Kathmandu, Feb. 7: Political parties, human rights activists and other pro-democracy groups have urged the international community to stop military and other assistance to Nepal until King Gyanendra revokes the emergency and restores the rule of law in the country.
In a joint statement secretly circulated to foreign correspondents here, spokespersons for 14 human rights and civil society groups have appealed to the United Nations and the donor countries to withhold assistance to put pressure on the king. A spokesman for the Nepali Congress called upon India and the US in particular to stop military assistance to the Royal Nepal Army immediately.
Although they are enthused by the first reactions of India, the United States, the UK and the European Union that unambiguously criticised the royal takeover of the government, they want firm action to follow the condemnation.
'These countries have committed themselves to linking assistance to Nepal to democracy and human rights. It's now time for them to keep that commitment,' one of the signatories to the statement says. 'Even if they did not always act on this commitment, they have to do so now,' he adds.
The US Congress enacted a law in September 2004, making the country's military assistance to Nepal dependent on the government complying with habeas corpus orders issued by the supreme court, granting the National Human Rights Commission 'unimpeded access' to all places of detention, co-operating with the NHRC to resolve all security-related cases involving individuals in custody and showing that it is taking effective steps to end torture and prosecute those responsible for human rights violations.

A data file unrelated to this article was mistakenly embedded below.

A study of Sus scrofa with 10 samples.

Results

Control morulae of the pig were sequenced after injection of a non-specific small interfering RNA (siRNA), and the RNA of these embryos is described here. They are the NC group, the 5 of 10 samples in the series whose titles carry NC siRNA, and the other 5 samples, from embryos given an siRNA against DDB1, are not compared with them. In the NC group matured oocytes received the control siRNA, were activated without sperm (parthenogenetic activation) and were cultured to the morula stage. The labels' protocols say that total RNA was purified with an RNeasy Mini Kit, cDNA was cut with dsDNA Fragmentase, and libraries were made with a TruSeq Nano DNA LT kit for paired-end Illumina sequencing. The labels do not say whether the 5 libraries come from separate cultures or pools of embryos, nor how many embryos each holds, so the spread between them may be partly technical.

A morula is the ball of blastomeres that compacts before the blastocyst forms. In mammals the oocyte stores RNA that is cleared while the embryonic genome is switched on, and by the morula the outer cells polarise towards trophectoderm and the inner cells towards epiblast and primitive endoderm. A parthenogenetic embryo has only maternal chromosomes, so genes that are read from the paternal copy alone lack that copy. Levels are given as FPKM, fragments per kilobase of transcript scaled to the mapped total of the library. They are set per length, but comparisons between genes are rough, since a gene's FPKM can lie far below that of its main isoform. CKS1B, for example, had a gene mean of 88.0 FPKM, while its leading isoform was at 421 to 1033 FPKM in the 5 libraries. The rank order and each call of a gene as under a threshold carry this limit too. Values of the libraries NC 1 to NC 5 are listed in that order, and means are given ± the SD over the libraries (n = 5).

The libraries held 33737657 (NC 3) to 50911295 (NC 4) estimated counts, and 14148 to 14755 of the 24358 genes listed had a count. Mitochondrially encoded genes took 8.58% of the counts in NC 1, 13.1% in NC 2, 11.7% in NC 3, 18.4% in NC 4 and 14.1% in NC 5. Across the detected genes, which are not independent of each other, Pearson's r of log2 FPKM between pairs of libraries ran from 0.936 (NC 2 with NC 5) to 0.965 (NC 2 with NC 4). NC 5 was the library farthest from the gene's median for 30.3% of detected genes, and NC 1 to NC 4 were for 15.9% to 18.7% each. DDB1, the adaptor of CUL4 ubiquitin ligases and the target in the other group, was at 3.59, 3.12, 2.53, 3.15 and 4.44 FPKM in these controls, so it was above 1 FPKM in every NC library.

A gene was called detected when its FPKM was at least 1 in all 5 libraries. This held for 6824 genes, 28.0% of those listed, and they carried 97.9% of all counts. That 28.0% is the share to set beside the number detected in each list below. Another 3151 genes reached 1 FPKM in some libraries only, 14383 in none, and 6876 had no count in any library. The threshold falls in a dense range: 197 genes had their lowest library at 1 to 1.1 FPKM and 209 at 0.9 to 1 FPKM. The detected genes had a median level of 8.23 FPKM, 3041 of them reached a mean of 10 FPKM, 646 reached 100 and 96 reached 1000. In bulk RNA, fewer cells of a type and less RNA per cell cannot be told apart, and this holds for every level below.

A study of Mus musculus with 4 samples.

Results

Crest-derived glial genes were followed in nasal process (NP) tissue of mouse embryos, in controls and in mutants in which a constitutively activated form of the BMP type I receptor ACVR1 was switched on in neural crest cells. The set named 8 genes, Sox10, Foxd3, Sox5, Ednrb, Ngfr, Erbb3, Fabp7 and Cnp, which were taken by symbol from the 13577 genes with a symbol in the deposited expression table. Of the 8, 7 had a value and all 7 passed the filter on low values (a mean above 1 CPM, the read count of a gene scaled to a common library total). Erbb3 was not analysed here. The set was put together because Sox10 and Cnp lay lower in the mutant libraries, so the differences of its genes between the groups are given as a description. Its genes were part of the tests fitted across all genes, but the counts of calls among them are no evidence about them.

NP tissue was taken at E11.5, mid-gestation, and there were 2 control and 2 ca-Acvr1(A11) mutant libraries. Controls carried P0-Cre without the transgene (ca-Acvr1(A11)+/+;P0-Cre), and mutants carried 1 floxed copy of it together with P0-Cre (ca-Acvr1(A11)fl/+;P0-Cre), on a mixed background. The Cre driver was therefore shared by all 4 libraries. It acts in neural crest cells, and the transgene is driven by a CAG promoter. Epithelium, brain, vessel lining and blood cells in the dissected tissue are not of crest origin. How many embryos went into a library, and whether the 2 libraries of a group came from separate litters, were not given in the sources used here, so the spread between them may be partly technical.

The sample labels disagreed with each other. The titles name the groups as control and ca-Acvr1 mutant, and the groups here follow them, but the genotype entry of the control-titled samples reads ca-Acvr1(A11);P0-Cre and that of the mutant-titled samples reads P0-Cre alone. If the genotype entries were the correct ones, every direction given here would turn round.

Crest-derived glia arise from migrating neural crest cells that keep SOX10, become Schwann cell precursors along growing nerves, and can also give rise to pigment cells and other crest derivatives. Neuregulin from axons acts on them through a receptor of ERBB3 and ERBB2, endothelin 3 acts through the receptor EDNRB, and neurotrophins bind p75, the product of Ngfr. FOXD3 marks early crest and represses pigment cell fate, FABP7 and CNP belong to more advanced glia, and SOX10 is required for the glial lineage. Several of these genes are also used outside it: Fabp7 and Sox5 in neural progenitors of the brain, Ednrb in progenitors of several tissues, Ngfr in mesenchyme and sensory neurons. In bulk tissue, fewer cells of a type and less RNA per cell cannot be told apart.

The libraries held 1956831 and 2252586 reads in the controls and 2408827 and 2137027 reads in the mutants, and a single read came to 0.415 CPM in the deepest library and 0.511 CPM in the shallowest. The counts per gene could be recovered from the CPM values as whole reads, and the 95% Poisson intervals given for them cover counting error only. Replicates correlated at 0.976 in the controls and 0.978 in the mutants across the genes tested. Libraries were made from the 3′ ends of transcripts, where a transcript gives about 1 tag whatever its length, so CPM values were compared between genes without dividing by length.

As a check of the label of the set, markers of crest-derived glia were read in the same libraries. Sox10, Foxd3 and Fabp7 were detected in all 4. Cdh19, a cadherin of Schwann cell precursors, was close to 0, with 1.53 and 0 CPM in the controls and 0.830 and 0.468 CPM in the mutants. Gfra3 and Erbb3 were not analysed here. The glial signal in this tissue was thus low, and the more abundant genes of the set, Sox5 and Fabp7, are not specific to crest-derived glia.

Earlier in May 2004, 10 donor countries of the Nepal Development Forum issued a statement calling upon both the government and the Maoists to allow unhindered monitoring of human rights.
In September that year, 15 diplomatic missions and donor agencies issued another, more strongly-worded statement condemning the 'gruesome' human rights violations committed by both the security forces and the rebels and urging both to sign the Human Rights Accord.
This was followed in December by the UN expressing the secretary-general's concern at 'reports of an escalation of fighting in Nepal and continued grave human rights violations'. The UN statement also expressed concern at the threat to human rights defenders, the NHRC and called for their safety to be guaranteed.
Also in December, a delegation of the UN working group on enforced and involuntary disappearances visited Nepal in the wake of reports of increasing incidents of killings, rapes, tortures and 'disappearances' during the army's offensives against the rebels.